Writing a story set in Britain in the 19th century that hinges upon one of the characters not legally being allowed to inherit property because she is a woman.
--What were the legal limitations on this? Could women not inherit anything, or was it just land or major assets?
--When was this ruling overturned?
--If someone specified that they were leaving property to a woman in their will, would that necessarily supercede the inheritance law?
I've mostly used Google for "nineteenth century" and "British inheritance law" and "women" and combinations of those, but the only things I've found so far are not very technical or helpful.
Setting: rural, feudal English village in the 1200s
What might medieval English peasants eat in the morning to "break fast"? I'd like to be able to say something other than just bread, to give my story a bit of colour. The story is set in high summer and they've had a prosperous year. The characters in the breakfast scene are two sisters, aged eleven and six. They have been left on their own for the morning, with the older sister watching over the younger one, since she took a fall into thorn bushes the day before and hurt herself badly enough to leave lasting scars. Their mother is a capable healer, so I don't know if she would "prescribe" certain food for the younger sister, to aid in her recovery?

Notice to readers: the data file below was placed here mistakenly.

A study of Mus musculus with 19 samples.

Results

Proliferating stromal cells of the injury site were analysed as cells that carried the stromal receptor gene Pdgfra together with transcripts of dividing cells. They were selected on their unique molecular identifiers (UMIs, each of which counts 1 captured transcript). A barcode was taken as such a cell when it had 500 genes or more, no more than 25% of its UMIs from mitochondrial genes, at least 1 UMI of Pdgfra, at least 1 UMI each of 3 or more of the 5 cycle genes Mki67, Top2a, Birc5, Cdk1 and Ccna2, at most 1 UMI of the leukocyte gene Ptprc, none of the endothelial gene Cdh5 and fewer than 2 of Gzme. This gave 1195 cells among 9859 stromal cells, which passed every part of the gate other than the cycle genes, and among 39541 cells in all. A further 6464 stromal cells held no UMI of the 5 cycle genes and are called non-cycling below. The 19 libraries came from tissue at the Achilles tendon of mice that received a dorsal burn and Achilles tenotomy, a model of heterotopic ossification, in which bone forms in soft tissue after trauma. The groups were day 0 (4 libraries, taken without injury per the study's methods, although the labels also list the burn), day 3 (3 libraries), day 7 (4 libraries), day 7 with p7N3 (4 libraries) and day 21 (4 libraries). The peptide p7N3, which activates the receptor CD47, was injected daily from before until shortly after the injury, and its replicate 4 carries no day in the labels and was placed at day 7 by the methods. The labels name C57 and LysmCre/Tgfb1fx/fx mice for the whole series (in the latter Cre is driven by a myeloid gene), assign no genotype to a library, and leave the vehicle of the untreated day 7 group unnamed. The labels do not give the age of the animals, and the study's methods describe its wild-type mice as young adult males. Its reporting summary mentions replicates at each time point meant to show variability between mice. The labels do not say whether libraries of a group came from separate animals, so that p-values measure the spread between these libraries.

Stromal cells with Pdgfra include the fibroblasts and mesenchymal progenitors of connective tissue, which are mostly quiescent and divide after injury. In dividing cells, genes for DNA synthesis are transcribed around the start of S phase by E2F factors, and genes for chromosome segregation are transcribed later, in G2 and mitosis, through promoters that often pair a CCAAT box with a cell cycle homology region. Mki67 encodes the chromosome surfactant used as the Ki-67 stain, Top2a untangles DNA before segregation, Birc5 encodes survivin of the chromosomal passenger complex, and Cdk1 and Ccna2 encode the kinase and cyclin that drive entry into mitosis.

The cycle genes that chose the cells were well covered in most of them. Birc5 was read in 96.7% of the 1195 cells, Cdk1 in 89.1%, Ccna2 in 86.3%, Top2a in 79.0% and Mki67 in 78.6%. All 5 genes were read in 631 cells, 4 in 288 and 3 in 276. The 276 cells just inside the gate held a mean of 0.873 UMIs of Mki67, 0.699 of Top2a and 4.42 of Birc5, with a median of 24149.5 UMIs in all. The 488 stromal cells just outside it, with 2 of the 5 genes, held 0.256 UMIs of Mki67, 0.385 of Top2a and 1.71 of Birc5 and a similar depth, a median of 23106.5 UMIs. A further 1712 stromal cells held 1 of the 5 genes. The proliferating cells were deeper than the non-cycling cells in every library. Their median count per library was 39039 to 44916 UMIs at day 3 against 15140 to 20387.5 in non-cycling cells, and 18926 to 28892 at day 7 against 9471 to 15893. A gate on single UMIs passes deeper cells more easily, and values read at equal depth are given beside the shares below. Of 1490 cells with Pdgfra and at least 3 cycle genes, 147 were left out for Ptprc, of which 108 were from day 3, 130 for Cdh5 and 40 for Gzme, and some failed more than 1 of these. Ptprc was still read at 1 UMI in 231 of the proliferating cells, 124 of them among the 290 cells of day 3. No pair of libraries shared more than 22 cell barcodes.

I've Googled "medieval diet," "peasant diet," "peasant food," "medieval food" and pored over a number of my books on medieval life, but all they seem to say is that peasants ate nothing but bread, bread and more bread. I'm about ready to admit defeat and just have the older sister hand the younger one a crust of bread.
ETA: Thanks so much to everyone who commented. I have a lot to think over and revise now, which is excellent!